Spots in png files

Last question of the day I hope. SVGs work fine but when I upload PNGs they all look spotty. I’m not entirely sure what to do about it. I’ve tried going back over my illustration with another color on top to make sure it wasn’t translucent but it’s still engraving the way it shows on the screen. Any ideas on what I’m doing wrong?


What do you mean spotty? Can I just not see it in the image on my phone?

Ahh you mean just spotty in the UI. You can make the image solid black and it should engrave solid.

It defaults to engrave using dots - if you change your style to vary power it will become smooth in the preview - BUT you might want to engrave using dots because IRL that can be a better view overall

Time to run some tests :slight_smile:



Grey (any level from 0 to 254) is going to be translated as having some amount of transparency by the GF app. If the grayscale options are set to dots or patterns, you’re going to end up with dithering patterns. If grayscale options are set to Vary Power, you’ll have a smooth solid engrave but the depth of the engrave will be based on the darkness of the artwork.


I’ve never done it - but you have the files right there and my laptop is 6’ away. What happens if you up the minimum dot density all the way - will it go to 100?



Thank you everyone! I was able to play with it last night some more but GF wouldn’t let me reply anymore. Apparently there’s a limit and I wasn’t aware. The only issue I have when making it more solid is that some parts come out slightly darker than others. I thought maybe it was the image but I tried it with just black lines and I’m getting the same issue. I’m not sure if that’s normal or if it’s my settings but I’m going to keep messing with it.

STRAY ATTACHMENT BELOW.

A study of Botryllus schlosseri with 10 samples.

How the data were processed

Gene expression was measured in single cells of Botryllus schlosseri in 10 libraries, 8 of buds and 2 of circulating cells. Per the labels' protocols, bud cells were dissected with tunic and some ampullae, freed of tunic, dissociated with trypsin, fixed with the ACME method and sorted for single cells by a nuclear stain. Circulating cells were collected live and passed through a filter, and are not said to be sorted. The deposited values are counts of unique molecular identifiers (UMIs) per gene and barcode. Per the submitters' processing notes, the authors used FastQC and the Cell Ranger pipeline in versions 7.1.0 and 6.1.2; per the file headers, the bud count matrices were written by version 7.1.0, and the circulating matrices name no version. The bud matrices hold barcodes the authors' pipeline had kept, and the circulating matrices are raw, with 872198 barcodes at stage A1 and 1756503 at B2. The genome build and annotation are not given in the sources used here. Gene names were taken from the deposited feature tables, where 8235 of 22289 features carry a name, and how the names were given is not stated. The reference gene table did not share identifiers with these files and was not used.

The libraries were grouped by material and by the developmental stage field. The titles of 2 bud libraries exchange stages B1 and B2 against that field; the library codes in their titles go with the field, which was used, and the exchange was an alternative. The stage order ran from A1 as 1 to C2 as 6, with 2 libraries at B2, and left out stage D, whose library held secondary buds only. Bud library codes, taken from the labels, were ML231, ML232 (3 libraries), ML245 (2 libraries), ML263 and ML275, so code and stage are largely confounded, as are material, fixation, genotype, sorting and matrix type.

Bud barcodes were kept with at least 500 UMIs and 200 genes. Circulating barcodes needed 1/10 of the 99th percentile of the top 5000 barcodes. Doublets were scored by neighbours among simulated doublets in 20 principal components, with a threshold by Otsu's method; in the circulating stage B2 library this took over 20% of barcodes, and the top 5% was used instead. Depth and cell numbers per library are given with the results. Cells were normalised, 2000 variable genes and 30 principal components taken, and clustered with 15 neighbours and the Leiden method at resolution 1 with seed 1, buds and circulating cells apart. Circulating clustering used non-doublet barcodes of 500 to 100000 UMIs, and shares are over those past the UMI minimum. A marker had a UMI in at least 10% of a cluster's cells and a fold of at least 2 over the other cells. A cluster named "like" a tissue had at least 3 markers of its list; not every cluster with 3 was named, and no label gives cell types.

I see it is a common misconception that to engrave you need a pixel graphic, but a closed vector can be anything! It will first show in the GFUI as a cut but it is a simple matter to to go to score or engrave or ignore. Images can only be engrave or ignore, but vectors can be anything.



As for the color variation in the engraved area, that could be the wood or it could be that the fill wasn’t a solid color, but a gradient.



What you have there is a factor of the wood itself (may have been part of the problem before) this is not unusual as every bit of grain is different, If you want a pure black the best way is to mask the surface and you can even cut the vector and remove only the part that you want to be black. I did this on a design that was engraved but the large background was a mess,

I covered the whole thing and managed to align it pretty good (extremely good for the issues then) and turned the engrave to a score. then I had just the bad background exposed and cleaned up a few bits with a razor, and then had some black spray rubber that covered the exposed part, let dry, and had a much better result…


Could be inherent to the material. Also could be the focus (either warped material or material that isn’t a consistent thickness). A slightly out of focus engrave is one trick to getting a darker engrave without going deeper.


You’re just limited because you’re new. It’s to avoid people joining a forum just to spam it.


Oh that is a cool trick. In order to do that would I put in the numbers manually? Currently I’ve been doing .13 or using the auto focus.



The way it works is:

Set Focus - uses auto focus for a specific area of the material

Set the material height - this uses autofocus at some part of the design.

Or, set the material height and then set the focal height field to a different value than the material height, which overrides the auto focus and uses the focal height value.

Also, if you use set focus, it locks the material height and focal height fields to auto, I believe. So you have to refresh the bed image to override the set focus.